Spinal cord injury physiatrist headlines Career Medical Specialties Series

By Elizabeth Boyle

Oct. 31, 2011

If you’re interested in improving quality of life, Steven Brose, D.O. (’05), told Ohio University Heritage College of Osteopathic Medicine students during his Friday, Oct. 21 visit, physical medicine and rehabilitation is one of the best fields to pursue. With roots in World War II and the flux of wounded veterans it created, the field is defined as medical care for people with disabilities.

“That’s a broad description,” Brose said, “but it is in fact a very broad field. It really covers everything from musculoskeletal to neurological disabilities, but they overlap each other.”
 

Brose, who spoke for the Career Medical Specialties Series, is a spinal cord injury physiatrist and attending physician at the Louise Stokes Cleveland Veterans Administration Center. Demonstrating the breadth of his field, he took attendees through a day in the life of a spinal cord rehabilitation specialist. Guiding decisions on pain management, prevention of pressure ulcers, ventilator management, and rehabilitation for areas such as gait, speech and swallowing are all in a day’s work, he said.

 

As a result of its multidisciplinary nature, the field requires physicians to work as a team. That’s not always easy, Brose added, but it’s important for the patient.

 

“The case-based training that we get here (at OU-HCOM) is really helpful,” he explained. “It’s really good training for something like rehab.”

Brose, whose own research has appeared in publications such as the American Journal of Physical Medicine and Rehabilitation and who has served as a peer reviewer of multiple scientific journals, also gave students an overview of the field’s research opportunities and emerging technologies.

“Just as this field is broad, the opportunities for research are broad,” he concluded.  

As part of his visit, Brose also participated in the “Grand Rounds: An Adolescent with a Spinal Cord Injury,” a program held Thursday, Oct. 20, designed to expose OU-HCOM and College of Health Science and Professions students to a team-based approach to health care.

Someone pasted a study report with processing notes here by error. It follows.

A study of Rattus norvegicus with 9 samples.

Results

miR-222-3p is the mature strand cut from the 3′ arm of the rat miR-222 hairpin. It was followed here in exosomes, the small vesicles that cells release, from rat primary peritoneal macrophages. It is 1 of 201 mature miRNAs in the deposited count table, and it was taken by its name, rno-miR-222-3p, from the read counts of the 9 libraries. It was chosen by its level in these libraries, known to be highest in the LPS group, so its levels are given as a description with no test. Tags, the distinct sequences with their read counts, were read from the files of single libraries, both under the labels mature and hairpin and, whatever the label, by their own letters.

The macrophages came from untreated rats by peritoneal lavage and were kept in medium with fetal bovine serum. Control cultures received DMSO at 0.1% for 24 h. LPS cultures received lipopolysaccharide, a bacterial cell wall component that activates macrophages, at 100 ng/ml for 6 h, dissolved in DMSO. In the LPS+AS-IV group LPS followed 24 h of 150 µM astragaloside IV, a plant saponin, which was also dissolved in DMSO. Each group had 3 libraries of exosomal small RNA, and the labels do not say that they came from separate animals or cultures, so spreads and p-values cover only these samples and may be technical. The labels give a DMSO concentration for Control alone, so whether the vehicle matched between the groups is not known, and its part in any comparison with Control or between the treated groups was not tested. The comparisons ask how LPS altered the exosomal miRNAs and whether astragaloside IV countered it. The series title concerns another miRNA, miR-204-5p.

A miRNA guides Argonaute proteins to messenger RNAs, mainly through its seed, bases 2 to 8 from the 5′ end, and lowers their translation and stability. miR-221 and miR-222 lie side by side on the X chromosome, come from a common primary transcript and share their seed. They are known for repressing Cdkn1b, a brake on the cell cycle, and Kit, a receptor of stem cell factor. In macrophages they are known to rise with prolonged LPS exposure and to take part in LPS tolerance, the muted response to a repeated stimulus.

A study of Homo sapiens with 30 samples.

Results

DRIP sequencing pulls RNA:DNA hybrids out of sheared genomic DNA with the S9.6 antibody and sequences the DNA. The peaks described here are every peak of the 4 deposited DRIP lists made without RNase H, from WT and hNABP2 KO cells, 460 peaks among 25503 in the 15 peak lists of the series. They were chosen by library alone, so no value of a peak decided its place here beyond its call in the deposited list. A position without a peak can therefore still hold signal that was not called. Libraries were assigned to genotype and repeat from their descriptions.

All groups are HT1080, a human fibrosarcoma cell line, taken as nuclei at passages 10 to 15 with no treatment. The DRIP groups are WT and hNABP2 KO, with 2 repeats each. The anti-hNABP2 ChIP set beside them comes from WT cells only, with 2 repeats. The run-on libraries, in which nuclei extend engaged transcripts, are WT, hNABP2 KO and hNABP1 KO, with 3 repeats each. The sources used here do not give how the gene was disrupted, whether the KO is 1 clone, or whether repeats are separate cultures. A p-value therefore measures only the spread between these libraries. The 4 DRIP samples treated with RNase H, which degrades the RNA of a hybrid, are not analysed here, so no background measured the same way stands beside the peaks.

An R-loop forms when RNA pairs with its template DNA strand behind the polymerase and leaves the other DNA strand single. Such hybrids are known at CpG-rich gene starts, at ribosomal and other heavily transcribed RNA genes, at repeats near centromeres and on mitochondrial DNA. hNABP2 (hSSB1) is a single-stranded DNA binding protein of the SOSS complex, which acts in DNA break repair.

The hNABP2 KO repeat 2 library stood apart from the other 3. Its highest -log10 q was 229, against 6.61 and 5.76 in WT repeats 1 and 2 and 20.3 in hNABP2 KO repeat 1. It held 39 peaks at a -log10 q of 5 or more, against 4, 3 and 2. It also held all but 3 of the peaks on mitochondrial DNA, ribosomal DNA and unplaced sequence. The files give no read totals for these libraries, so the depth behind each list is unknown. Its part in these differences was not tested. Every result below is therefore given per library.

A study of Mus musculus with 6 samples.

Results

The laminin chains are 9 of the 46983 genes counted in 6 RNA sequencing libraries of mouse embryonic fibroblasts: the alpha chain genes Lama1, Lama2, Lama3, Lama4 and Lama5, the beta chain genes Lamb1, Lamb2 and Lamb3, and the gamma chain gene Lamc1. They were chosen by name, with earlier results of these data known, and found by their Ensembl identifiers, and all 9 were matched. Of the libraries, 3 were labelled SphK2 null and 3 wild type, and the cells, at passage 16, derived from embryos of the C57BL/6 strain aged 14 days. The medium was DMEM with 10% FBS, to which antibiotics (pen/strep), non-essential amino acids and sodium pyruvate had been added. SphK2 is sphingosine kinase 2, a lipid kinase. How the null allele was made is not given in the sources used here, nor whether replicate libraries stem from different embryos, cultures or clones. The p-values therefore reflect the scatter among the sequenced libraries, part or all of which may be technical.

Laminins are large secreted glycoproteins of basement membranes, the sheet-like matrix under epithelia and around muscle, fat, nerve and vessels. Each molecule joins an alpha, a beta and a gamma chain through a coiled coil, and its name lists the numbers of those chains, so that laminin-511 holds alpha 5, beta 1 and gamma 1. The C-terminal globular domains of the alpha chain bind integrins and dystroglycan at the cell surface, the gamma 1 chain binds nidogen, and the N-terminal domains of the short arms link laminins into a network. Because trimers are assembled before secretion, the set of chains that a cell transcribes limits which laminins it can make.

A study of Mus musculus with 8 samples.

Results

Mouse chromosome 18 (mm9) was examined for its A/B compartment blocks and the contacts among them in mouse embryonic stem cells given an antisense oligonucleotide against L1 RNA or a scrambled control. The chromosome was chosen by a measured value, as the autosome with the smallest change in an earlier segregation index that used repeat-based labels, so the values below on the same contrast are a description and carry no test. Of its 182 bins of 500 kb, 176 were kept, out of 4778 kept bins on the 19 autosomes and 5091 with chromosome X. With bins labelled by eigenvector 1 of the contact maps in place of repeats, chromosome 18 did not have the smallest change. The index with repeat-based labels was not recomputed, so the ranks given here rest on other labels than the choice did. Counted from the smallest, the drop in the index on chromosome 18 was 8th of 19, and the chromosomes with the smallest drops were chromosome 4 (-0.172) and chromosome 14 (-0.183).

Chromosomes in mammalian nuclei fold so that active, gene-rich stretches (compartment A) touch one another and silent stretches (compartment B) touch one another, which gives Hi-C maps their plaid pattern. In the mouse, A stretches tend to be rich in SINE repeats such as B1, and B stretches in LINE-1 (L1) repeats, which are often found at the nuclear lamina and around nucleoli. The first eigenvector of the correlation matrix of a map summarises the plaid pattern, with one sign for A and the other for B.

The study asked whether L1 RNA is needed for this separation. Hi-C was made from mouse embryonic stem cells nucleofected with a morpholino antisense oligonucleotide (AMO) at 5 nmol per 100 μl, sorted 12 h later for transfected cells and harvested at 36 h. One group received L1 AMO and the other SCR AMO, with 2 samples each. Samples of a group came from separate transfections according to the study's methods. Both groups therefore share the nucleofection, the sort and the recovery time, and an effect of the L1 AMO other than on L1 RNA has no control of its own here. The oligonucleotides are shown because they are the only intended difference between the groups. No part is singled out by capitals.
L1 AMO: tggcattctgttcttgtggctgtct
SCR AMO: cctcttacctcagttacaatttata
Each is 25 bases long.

Additionally, before his Oct. 21 lecture to OU-HCOM students, Brose sat down with a member of the OU-HCOM Communication Office to share the following thoughts on his field.

 

When did you know you wanted to be a doctor?

Toward the end of elementary school. I switched back and forth a little bit―I became interested in mathematics early in college―but I made my final decision early in college. Very early in my life I was already feeling a calling toward medicine. I found just the concept of helping people to regain wellness again to be a worthwhile pursuit.

 

What attracted you to physical medicine and rehabilitation?

The goal of physical medicine and rehabilitation is to maximize independence and quality of life. And that just seemed like a very worthy goal, and in addition the medical side of it is pretty broad. It deals with every organ system and is affected by many of these neurological diseases, and it affects the whole body. I found it to integrate well with the philosophies of osteopathic medicine, which teaches treating the body as a whole and looking at it in that way instead of a series of disconnected parts. That’s hammered home in physical medicine and rehabilitation because the body really is a whole and when you have a neurologic injury like a spinal cord injury, it affects the whole body. I found that to be an attractive concept.

What’s it like to work with veterans who have spinal cord injuries?Inspiring is the word I would use because they’re very strong, and they’re typically very motivated people. They really want to maximize their independence and function. And they've been through a lot of challenges in life. It's nice to be able to serve them.

What advice do you have for students who are considering physical medicine and rehabilitation?
I would encourage students to get exposure to a wide range of areas in physical medicine and rehabilitation. When I was a medical student rotating in physical medicine and rehabilitation, I thought I wanted to be musculoskeletal focused until I rotated on a spinal cord injury unit in Cleveland. I just felt like this was my calling. I got this huge impact when I saw how big a difference you could make in the lives of people with spinal cord injuries. I just felt at home there and knew that's what I wanted to do.

Why do you feel it’s important to make time for research? Contributing to ongoing advancement in the field gives you more motivation for your clinical work. Clinical work gives you more motivation for your research and teaching. They all work together, and I find that when I have a good balance of them―which was one of the reasons that I was so excited to come speak here―it gives you more inspiration for the research, more inspiration for the clinical work.

What was your most memorable OU-HCOM experience?
I had a lot of them. I would say it was going to my father’s lecture for the first time, on EKGs. (Steven Brose’s father, Jack Brose, D.O., has been OU-HCOM dean since 2001.) It was just really amazing. I'd seen him speak before, and he's an amazing speaker. It felt like kind of completing the circle to be in class while he was lecturing. It was very memorable.